Fiscal Cliff: Crisis Averted…For Now


The fiscal cliff refers to a number tax increases, spending cuts and expiration of tax exemptions set to take place all at once on January 1, 2013. Had Congress refused to act, middle-income families could have endured a tax increase not seen in 60 years, spending cuts that would have left the poor without the most basic and needed safety nets, such as public health programs, and the expiration of unemployment benefits. Falling off the metaphorical fiscal cliff would have affected the nearly 11 percent of Asian Americans living below the federal poverty line, and the 14 percent of Native Hawaiians and Pacific Islanders struggling to make ends meet.

During the 2012 presidential election, the resounding message from the American people was fairness in tax reform—that all Americans should pay their fair share in taxes. The new law does just that by raising tax rates on individuals with incomes over $400,000 and preserving the current income tax rates for middle-income families and small businesses. This measure protects early 98 percent of Americans from tax hikes, along with 97 percent of small businesses. Individuals making over $400,000 will see an increased tax rate from 35 percent to 39.6 percent and higher taxes on dividends and capital gains.

The deal also includes other fixes and investments in the American economy that will keep us on a path toward prosperity. For example, many families with incomes of $30,000 to $150,000 annually, faced having to pay an additional tax—called an alternative minimum tax (AMT). But Congress permanently fixed what’s called the “AMT patch,” keeping middle-income families from having to pay more in taxes. For parents sending their children to college, Congress extended tax credits for college tuition, for an additional five years, reaffirming President Obama’s dedication to education.

The deal also is mindful of Americans who remain unemployed by extending unemployment benefits for another year. This will be particularly helpful to Asian Americans who have the highest rate of long-term unemployment, according to a study by the Economic Policy Institute. Additionally, the deal helps homeowners who have refinanced or reduced the principal on their mortgages by extending the exemption on the forgiven loan amounts for an additional year.

But the fiscal battles are far from over. Congress has yet to tackle whether or not to raise the federal debt ceiling.

The debt ceiling refers to the maximum amount of money that the United States can borrow, which now stands at $16.4 trillion and was reached on January 1 of this year.

Republicans are again threatening not to raise the debt ceiling, which is extremely irresponsible and can harm the global economy, with which the U.S. is an influential economic powerhouse. Last year, the mere threat of refusing to raise the debt ceiling by Republican leadership in the U.S. House of Representatives resulted in a downgrade of the United States’ credit rating—the first downgrade in our nation’s history.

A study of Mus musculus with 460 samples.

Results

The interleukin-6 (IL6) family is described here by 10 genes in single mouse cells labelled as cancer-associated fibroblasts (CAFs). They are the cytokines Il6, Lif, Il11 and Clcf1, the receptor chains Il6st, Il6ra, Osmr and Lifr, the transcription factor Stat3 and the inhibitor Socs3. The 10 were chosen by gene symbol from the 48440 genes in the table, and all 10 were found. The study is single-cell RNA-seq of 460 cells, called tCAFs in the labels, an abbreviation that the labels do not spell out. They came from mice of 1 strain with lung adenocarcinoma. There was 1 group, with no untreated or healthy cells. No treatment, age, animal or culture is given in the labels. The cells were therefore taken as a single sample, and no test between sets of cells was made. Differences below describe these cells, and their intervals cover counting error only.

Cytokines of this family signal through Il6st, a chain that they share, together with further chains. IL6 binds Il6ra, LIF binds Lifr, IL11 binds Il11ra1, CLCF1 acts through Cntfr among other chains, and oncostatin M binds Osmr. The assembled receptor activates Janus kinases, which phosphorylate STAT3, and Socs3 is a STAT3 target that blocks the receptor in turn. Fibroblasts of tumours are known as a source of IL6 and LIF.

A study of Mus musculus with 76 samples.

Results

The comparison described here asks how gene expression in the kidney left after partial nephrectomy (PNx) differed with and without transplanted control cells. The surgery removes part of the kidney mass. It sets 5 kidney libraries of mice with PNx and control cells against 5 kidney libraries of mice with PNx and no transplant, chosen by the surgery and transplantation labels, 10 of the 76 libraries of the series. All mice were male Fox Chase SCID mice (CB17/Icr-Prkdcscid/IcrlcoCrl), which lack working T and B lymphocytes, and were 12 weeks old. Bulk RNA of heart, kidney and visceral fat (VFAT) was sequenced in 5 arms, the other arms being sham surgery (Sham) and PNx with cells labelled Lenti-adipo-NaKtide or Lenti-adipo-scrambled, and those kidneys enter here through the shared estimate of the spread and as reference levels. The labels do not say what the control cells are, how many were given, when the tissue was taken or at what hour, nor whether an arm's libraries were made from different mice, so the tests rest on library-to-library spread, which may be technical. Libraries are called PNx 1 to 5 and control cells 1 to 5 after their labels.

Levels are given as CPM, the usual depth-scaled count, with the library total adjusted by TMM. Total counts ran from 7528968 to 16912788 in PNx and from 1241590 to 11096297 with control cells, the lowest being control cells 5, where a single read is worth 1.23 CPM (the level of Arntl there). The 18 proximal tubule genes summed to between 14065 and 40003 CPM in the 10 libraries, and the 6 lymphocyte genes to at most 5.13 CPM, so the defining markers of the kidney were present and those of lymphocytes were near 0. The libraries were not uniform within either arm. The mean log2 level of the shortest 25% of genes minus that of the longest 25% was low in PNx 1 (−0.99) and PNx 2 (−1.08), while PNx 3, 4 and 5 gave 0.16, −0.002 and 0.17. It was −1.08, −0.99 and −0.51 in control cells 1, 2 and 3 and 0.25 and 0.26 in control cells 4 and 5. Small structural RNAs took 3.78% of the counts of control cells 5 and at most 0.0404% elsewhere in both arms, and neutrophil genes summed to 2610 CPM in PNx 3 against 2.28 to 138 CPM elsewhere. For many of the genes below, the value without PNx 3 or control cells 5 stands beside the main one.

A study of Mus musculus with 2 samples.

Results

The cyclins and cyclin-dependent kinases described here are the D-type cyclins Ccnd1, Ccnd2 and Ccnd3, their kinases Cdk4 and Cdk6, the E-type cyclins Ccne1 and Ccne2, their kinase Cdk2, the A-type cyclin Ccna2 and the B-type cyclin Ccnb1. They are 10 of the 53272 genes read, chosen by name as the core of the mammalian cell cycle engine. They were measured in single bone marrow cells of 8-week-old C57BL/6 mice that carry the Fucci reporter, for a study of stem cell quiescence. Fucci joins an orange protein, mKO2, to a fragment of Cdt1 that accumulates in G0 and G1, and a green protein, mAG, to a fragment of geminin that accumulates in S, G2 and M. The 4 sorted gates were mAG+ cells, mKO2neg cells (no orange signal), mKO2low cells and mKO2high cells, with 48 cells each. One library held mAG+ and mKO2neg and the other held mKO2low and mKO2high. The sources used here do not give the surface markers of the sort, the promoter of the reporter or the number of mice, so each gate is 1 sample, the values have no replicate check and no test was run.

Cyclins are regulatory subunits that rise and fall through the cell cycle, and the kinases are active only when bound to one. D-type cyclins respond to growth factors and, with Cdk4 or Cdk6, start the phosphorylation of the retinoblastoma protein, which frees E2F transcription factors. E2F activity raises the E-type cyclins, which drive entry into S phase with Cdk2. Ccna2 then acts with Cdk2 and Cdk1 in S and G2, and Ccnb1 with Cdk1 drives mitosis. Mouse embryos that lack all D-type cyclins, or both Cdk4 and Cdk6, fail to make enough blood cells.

Round two between Congress and the White House will be over the sequester—automatic cuts set up by Congress to the federal budget applying to both defense and domestic programs. Beginning in March, Congress will once again need to agree on a deal that cuts spending in a balanced way that does not disproportionately affect the most vulnerable in our nation, including the poor, the elderly and our military families and veterans. President Obama has promised to make cuts in a “balanced, responsible way,” however, cuts to sacred safety nets and essential social programs will be at the top of the list for House Republicans. Any deal that includes spending cuts targeted at communities of color and other vulnerable groups will be unacceptable and will only derail our economic progress.

Lastly, Congress will need to adopt a new bill before March 27, 2013 to keep the government up and running, preventing a government shut down that will cause additional financial hardships for many Americans.

While many were unhappy with the temporary solution passed on New Year’s Day, it was a necessary step to keeping our economy on the right path. All we can hope for is a rude awakening by our leaders in Congress and the White House. It is no longer acceptable to play political football with our nation’s economy. At a time of steady economic growth, our leaders must put their differences aside and work together to rebuild our economy for the betterment of our communities.


Mee Moua is the president and executive director of the Asian American Justice Center.